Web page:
FIFA has turned down the candidature of Musa Bility for the presidential election following integrity checks into his conduct.
Bility, the president of the Liberian Football Association, had been expected to stand at the FIFA presidential election on February 26.
That was despite him not receiving the backing of the Confederation of African Football, which declined to support the 48-year-old in his bid to replace outgoing FIFA president Sepp Blatter.
But on Thursday, FIFA's electoral committee confirmed Bility had not passed an integrity check and would not be eligible to run in the election. The reasons for his exclusion have not been made public.
The decision can be appealed to the Court of Arbitration for Sport.
Asian Football Confederation president Sheikh Salman Bin Ebrahim Al Khalifa has passed the checks, despite claims from human rights groups he was involved in a crackdown on pro-democracy protesters in his home country Bahrain.
The decision has brought condemnation from the Bahrain Institute for Rights and Democracy which says allowing Sheikh Salman to run has exposed FIFA integrity checks as a farce.
In a statement it said: "The FIFA Electoral Committee has accepted Sheikh Salman Bin Ebrahim Al Khalifa as a candidate for presidency, following an integrity check conducted by the FIFA Ethics Committee, despite credible evidence that Sheikh took part in serious human rights abuses.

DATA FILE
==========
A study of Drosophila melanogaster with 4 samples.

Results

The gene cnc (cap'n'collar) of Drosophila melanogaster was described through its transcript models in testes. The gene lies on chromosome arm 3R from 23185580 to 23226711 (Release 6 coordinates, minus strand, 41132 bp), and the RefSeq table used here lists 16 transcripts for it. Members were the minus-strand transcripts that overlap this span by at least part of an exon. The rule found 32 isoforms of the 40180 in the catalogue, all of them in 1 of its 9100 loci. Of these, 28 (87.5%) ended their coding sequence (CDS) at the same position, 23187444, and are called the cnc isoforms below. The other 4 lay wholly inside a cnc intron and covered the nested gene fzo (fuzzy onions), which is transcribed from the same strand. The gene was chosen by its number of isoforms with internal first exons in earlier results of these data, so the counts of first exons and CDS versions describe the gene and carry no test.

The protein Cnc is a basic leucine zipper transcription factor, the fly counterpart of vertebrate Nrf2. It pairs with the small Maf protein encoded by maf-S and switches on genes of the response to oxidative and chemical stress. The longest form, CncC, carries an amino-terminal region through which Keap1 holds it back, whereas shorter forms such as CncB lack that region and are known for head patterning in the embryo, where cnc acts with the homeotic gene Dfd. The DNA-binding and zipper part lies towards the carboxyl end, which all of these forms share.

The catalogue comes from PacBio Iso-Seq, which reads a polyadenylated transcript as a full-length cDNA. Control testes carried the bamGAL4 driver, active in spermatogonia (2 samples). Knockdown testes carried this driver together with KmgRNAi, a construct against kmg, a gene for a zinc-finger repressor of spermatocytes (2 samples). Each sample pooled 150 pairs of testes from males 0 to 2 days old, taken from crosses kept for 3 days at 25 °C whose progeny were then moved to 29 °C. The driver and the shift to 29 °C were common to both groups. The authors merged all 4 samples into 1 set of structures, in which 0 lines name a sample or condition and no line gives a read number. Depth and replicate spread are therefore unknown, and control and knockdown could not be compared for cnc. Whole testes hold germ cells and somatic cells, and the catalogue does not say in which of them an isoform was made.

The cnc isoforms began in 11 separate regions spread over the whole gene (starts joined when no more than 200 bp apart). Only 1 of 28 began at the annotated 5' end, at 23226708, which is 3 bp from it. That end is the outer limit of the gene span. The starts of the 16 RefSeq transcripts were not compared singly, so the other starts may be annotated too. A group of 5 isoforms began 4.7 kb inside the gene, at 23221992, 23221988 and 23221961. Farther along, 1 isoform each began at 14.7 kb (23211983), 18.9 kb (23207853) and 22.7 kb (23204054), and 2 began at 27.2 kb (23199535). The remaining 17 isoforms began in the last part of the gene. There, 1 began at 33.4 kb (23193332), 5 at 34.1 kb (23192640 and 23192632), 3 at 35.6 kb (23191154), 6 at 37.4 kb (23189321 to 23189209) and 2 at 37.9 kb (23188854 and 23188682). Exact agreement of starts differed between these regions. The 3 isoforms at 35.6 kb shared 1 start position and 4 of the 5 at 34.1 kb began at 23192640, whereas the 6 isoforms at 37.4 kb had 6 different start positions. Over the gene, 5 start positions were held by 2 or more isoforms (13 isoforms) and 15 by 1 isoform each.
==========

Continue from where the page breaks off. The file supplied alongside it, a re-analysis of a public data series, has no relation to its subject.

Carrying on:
"BIRD and Americans for Democracy and Human Rights in Bahrain are shocked and condemn the decision that has severely undermined any remaining trust in FIFA and the Ethics Committee integrity checks.
"On 3 November, the BIRD and ADHRB submitted evidence to the FIFA Ethics Committee presenting our concerns and evidence of Sheikh Salman's involvement in human rights violations in Bahrain, during his tenure as president of the Bahrain Football Association.
"This followed complaints submitted to FIFA in January 2014 regarding Sheikh Salman's role in the targeting and identification of footballers in Bahrain who took part in anti-government protests and later arrested and tortured."
The other candidates cleared to stand are Prince Ali Bin Al Hussein of Jordan, former FIFA official Jerome Champagne from France, UEFA's general secretary Gianni Infantino from Switzerland and Tokyo Sexwale, the former anti-apartheid activist from South Africa.
The electoral committee will not carry out integrity checks on UEFA president Michel Platini, who is currently suspended for 90 days pending an ethics committee hearing into a £1.3m payment he received from FIFA in 2011, until the disciplinary process is complete.